ConnectedText 6 review: Personal wiki adds long-requested features

Offline personal wiki tool ConnectedText is ideal for college students, researchers, writers, and anyone else who needs the ability to mix freeform text with keywords and structure, or to perform queries and aggregations based on arbitrary criteria. The new version 6 adds long-needed enhancements to content aggregation, display, and searching.

With ConnectedText ($40. 30-day free trial), you create projects composed of topics. Editing a topic requires toggling into edit mode and using a simple markup language that rapidly becomes second nature. Flipping out of edit mode renders the topic according to a style sheet. Those who know CSS can edit the style sheet or enhance it in many ways, but I've found the default to be perfectly fine.

Enclosing any word or phrase in brackets marks a link. Click the link to create a topic (if it exists already, you just jump to it). This makes content creation highly dynamic, for people who tend to think while they write. At the same time, those with more organized minds can create a topic fully, then go back and mark up keywords that deserve topics of their own.

Flexibility is a watchword in ConnectedText. You can use attributes, categories, and properties to organize or find topics, or rely on full text queries. You can create very long topics, or split information into dozens of small topics, which can then be displayed as a single large topic by using queries or by explicitly including a set of topics, or both.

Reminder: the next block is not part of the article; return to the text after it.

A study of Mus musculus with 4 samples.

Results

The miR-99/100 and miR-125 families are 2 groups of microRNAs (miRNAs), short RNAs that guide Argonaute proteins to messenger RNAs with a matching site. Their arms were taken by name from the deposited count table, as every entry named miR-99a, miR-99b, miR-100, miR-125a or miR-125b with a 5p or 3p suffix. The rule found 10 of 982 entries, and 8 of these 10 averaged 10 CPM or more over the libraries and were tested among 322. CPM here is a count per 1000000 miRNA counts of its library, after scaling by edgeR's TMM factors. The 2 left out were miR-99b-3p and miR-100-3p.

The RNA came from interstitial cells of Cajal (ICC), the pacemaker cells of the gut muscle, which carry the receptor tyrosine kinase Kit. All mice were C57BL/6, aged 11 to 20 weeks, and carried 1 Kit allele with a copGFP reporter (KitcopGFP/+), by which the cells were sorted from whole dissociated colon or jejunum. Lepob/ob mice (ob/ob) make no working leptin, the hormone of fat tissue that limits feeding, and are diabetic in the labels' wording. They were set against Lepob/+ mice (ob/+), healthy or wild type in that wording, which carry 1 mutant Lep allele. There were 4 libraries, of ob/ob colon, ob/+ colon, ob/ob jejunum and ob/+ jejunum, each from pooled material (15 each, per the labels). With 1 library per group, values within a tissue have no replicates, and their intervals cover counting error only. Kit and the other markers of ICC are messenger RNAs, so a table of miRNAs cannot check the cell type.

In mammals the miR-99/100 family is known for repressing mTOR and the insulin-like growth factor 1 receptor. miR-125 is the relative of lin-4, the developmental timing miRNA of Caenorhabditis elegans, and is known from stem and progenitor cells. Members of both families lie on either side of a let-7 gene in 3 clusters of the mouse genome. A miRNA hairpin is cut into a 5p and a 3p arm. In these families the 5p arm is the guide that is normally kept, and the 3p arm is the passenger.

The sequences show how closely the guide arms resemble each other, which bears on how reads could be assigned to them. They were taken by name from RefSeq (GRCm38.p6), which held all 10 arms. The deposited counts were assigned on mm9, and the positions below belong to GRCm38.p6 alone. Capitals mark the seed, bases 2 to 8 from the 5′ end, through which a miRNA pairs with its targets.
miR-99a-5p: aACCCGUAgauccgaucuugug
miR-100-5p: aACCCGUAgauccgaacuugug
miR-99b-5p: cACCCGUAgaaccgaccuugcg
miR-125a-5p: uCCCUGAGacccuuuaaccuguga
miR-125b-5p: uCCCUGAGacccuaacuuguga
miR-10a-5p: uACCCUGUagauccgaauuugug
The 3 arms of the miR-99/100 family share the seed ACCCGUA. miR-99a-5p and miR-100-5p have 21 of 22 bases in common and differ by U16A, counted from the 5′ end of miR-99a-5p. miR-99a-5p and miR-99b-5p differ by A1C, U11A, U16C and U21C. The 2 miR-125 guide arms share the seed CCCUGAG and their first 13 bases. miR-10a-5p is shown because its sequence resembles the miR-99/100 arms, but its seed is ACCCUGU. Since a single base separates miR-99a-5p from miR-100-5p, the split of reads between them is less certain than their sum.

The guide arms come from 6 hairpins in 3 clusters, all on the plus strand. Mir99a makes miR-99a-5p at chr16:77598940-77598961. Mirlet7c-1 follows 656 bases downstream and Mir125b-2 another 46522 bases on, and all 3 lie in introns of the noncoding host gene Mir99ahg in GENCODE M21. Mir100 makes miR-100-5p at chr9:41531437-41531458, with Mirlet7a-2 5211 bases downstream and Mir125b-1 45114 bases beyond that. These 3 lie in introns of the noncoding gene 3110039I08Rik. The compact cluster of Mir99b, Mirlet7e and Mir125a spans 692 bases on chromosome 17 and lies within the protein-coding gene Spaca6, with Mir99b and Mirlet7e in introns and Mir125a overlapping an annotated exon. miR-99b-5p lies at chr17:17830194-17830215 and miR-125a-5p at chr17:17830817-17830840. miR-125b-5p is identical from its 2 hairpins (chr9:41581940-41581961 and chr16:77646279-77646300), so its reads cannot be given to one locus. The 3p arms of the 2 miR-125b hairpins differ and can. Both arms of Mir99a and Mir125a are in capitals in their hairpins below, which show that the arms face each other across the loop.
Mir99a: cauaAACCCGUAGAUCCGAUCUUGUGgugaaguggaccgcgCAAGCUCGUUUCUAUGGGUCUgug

ConnectedText 6 adds a new feature named "blocks." You can surround a block of text with tags to give it a name, then include this block, by name, in another topic--or all blocks with the same name. For example, you might have many topics which all contain some text relevant to "London". You can enclose those blocks in the "London" tag, then create another topic which shows all the blocks with that name (or only the blocks with that name, which also appear in a topic in the category "England", or a wide range of other options.)

For any given project, you can only have one editing window, but you can now open multiple views into a single project in floating windows. This much-needed enhancement makes working with large projects much easier. Anyone who has used ConnectedText extensively would probably find this feature alone worth the upgrade.

There are many other enhancements as well, such as a "trash can" to allow recovery of deleted topics, and the usual round of bug fixes and small upgrades.

ConnectedText is not intended for group or online use. Its primary audience is individual users who manage a lot of non-tabular information (though clever use of properties, attributes, and queries can produce an approximation of a structured database, doing so is like using a screwdriver as a hammer). As a consequence, it really shows its strength in how many ways it offers to present, organize, and collate disparate bits of information, and the features in ConnectedText 6 play to those strengths.

A 30-day trial with no feature limitations (just a watermark and a startup reminder) should provide anyone curious about the potential of ConnectedText to test it thoroughly.